KHN Morning Briefing

Summaries of health policy coverage from major news organizations.

Health Care Quality Issues: The Disconnect Between Patients And Experts

The Kansas City Star: Improving "health literacy" could help improve patient outcomes and quality. This literacy is "the limited ability to understand the technical jargon, the orders, the prescriptions and the forms coming from doctors, nurses, pharmacists and insurance companies. This failure to communicate leads to missed doctor appointments, medications taken incorrectly, instructions ignored - all contributing to worsening health." In Missouri, a group estimates that 1.6 million adults have trouble understanding health instructions which could cost the state up to $7.5 billion annually. "Health information often assumes a 12th-grade or higher reading level. Only half of American adults read above a fifth-grade level. … Missouri Health Literacy is using multiple approaches in different parts of the state" (Bavley, 6/3).

Another quality concern is the "July Effect" - concerns that when residents - fresh out of medical school - begin, they are prone to mistakes. The Wall Street Journal Health Blog reports that a study "published last year concluded the myth didn't hold true at one trauma center, and American Medical News also noted that July seems to be a pretty safe month for surgery. But when researchers from the University of California at San Diego and UCLA set out to investigate the phenomenon, they homed in on fatal medication errors inside medical institutions, assuming those are 'more likely to be influenced by inexperienced residents than by patients.' .... they report a 'significant July spike' in those errors in counties that include teaching hospitals. Mortality from medication errors was 10% above the expected level, they write" (Hobson, 6/3).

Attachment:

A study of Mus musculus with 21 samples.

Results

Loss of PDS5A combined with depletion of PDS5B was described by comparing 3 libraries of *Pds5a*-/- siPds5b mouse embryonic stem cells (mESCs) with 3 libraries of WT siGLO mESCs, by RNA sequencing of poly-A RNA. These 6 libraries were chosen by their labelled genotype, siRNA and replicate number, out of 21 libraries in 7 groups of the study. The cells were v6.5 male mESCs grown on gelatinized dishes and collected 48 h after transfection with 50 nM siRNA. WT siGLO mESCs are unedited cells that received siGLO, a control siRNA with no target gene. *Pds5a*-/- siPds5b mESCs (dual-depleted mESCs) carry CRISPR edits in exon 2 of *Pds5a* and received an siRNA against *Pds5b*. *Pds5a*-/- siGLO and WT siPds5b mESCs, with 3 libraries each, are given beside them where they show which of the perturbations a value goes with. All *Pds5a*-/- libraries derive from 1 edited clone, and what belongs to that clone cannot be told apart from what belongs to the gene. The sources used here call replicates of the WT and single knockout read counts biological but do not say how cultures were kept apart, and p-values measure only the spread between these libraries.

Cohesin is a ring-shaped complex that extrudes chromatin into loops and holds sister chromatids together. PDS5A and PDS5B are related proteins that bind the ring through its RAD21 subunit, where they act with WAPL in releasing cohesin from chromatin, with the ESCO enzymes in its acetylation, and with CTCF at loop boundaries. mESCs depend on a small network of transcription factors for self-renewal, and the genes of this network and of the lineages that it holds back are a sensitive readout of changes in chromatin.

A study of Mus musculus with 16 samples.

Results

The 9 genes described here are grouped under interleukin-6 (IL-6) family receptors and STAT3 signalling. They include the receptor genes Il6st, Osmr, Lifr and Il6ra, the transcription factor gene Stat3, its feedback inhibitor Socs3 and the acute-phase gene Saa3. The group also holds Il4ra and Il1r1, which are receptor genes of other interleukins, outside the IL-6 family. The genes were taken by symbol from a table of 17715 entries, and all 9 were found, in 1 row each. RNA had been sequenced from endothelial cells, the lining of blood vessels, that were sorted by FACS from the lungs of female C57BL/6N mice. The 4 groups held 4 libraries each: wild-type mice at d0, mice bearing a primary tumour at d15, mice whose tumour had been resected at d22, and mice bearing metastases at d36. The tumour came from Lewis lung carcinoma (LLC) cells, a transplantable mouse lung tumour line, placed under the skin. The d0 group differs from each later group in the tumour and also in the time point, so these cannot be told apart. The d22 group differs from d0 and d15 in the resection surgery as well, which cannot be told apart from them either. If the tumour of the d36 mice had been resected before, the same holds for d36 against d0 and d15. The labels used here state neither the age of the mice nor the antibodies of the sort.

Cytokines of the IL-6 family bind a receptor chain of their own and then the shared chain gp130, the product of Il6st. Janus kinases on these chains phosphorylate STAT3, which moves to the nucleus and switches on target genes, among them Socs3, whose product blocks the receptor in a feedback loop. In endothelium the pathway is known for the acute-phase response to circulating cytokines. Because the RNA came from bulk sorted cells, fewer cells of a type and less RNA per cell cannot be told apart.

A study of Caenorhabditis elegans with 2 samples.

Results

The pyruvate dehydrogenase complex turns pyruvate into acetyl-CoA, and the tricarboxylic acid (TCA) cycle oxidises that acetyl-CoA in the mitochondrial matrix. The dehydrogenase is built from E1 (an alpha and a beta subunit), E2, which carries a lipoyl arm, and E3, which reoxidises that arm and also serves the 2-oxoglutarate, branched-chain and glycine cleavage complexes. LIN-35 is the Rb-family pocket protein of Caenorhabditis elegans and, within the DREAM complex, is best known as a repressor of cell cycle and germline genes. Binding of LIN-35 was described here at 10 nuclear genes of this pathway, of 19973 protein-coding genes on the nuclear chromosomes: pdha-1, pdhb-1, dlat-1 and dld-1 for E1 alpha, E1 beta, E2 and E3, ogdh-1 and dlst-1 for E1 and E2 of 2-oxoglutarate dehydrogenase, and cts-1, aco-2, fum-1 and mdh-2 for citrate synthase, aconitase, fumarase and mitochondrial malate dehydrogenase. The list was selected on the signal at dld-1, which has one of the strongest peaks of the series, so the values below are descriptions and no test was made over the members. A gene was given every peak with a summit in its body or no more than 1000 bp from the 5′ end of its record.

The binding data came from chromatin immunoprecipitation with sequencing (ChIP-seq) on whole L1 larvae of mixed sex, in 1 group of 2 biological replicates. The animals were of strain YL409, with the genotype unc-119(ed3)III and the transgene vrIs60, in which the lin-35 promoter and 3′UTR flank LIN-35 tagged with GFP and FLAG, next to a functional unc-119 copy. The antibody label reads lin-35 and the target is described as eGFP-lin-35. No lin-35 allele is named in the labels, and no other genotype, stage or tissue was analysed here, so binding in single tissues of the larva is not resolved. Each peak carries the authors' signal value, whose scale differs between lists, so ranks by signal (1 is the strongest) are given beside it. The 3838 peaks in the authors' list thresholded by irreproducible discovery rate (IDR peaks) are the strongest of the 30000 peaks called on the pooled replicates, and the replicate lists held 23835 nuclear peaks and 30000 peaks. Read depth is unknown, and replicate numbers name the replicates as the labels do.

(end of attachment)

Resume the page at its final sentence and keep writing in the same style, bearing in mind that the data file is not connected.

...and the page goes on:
NPR Shots Blog: "When experts talk about cost effective medical care, patients don't listen. ... The journal Health Affairs just surveyed more than 1,500 patients with employer-provided insurance ... The 'pervasive themes' from respondents, according to the authors, were 'more is better, newer is better, you get what you pay for, (and) guidelines limit my doctor's ability to provide me with the care I need and deserve.' Such findings are frustrating for experts who have spent years trying to communicate that those things are not true (Rovner, 6/3).